Dealing with Problems
Following is a list of bullet point tips that you might use in dealing with difficult individuals:
- Remember that people of dissimilar ability can find each other difficult.
- Watch for signals that more job variety might be needed.
- Get to know each member of your team so that you can become aware of how to best help them. Motivate a difficult person by understanding what they need.
- Build a supportive culture that recognizes staff.
- Identify each team member’s skills in order to allocate them suitable roles.
- Pick a team with varied skills to ensure harmony among the group.
- Work to change people who always respond negatively.
- Know your team members strengths and weaknesses.
- Identify approaches that
- motivate the team and use them more often.
- Make people feel like they are part of a winning team.
- Celebrate good news and team achievements. Show people that you value their contributions.
- Know that how you communicate with your employees is as vital as what you communicate. Always be positive and constructive when you are communicating.
- Learn to identify signs when people are about to become more difficult. Recognize that difficult behavior can be a habit if not tackled early. Remember that avoiding the problem is only a short-term solution!
- Define roles to reduce competing or defending within the team.
- Be aware of your own emotional responses. Give yourself time to look objectively at a situation. Always review a difficult person’s overall performance to avoid a hasty action.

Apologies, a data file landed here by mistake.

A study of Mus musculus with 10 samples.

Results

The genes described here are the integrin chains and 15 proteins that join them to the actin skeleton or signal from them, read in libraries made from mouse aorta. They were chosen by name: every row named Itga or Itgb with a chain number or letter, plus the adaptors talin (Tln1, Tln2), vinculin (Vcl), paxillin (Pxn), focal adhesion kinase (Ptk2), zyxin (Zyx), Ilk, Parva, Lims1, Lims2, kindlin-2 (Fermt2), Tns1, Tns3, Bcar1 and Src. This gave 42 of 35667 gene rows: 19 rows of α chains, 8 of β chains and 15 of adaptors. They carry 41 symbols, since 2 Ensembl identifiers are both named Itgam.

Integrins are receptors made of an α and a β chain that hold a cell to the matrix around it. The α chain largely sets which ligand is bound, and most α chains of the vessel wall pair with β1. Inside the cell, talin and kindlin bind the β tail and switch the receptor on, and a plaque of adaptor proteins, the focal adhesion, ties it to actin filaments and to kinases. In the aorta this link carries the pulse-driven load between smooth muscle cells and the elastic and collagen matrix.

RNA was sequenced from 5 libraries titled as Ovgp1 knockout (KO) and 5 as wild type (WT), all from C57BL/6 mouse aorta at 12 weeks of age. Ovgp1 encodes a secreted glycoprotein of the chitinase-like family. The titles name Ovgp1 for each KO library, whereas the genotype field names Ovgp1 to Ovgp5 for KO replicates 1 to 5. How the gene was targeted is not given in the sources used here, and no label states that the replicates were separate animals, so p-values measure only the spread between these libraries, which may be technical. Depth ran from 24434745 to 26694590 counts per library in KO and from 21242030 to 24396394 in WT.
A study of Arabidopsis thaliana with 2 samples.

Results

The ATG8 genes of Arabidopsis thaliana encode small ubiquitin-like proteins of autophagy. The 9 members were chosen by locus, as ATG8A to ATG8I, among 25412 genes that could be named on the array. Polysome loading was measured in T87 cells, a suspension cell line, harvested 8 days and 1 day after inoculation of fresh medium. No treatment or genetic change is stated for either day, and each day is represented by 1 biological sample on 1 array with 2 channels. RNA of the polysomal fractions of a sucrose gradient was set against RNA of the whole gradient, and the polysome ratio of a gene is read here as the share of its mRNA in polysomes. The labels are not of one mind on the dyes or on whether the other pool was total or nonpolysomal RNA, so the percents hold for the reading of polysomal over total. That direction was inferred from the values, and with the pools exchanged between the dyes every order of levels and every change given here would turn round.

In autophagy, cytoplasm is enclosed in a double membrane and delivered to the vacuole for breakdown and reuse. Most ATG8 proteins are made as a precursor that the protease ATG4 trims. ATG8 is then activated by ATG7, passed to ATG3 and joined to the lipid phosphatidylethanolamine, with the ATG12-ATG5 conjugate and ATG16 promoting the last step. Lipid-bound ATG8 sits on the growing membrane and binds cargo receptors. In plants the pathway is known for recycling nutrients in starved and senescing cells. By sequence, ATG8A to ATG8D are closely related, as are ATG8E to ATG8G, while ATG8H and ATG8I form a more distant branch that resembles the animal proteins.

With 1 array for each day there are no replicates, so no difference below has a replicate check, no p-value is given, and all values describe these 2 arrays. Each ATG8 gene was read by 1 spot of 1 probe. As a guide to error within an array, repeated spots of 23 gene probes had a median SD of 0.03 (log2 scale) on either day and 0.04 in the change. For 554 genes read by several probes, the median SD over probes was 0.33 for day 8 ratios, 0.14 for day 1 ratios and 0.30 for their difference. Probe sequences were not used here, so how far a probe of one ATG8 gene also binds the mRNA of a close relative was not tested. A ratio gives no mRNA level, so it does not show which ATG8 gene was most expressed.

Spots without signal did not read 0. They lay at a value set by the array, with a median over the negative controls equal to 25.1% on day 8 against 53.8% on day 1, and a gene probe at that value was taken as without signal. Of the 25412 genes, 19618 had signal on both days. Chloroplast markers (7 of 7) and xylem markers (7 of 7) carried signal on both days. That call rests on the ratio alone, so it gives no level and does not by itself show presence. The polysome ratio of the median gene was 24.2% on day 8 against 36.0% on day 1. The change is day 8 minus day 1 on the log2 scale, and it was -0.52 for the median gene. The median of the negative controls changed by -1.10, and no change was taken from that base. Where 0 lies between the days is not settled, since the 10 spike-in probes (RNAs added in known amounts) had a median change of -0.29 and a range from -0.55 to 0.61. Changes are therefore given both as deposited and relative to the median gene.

- Respect the rights of others and compromise when appropriate.
- Listen to others if you want to be listened to yourself.
- Make sure that difficult people understand the full impact of their behavior.
- Aim to improve performance – it is more cost effective than dismissal.
- Set realistic time frames for staff to demonstrate improvement.
The ability to lead difficult individuals out of unproductive situations to improved performance and better working relationships is an essential management skill. Learning to deal effectively with difficult people equips you with proven techniques and strategies to enable you to anticipate problem people, stop trouble from escalating and help awkward staff become fully contributing members of your team.
If you would like a self assessment questionnaire that will assist you in measuring your skill level and help you identify areas that are in need of improvement, just send me a request via e-mail me at email@example.com.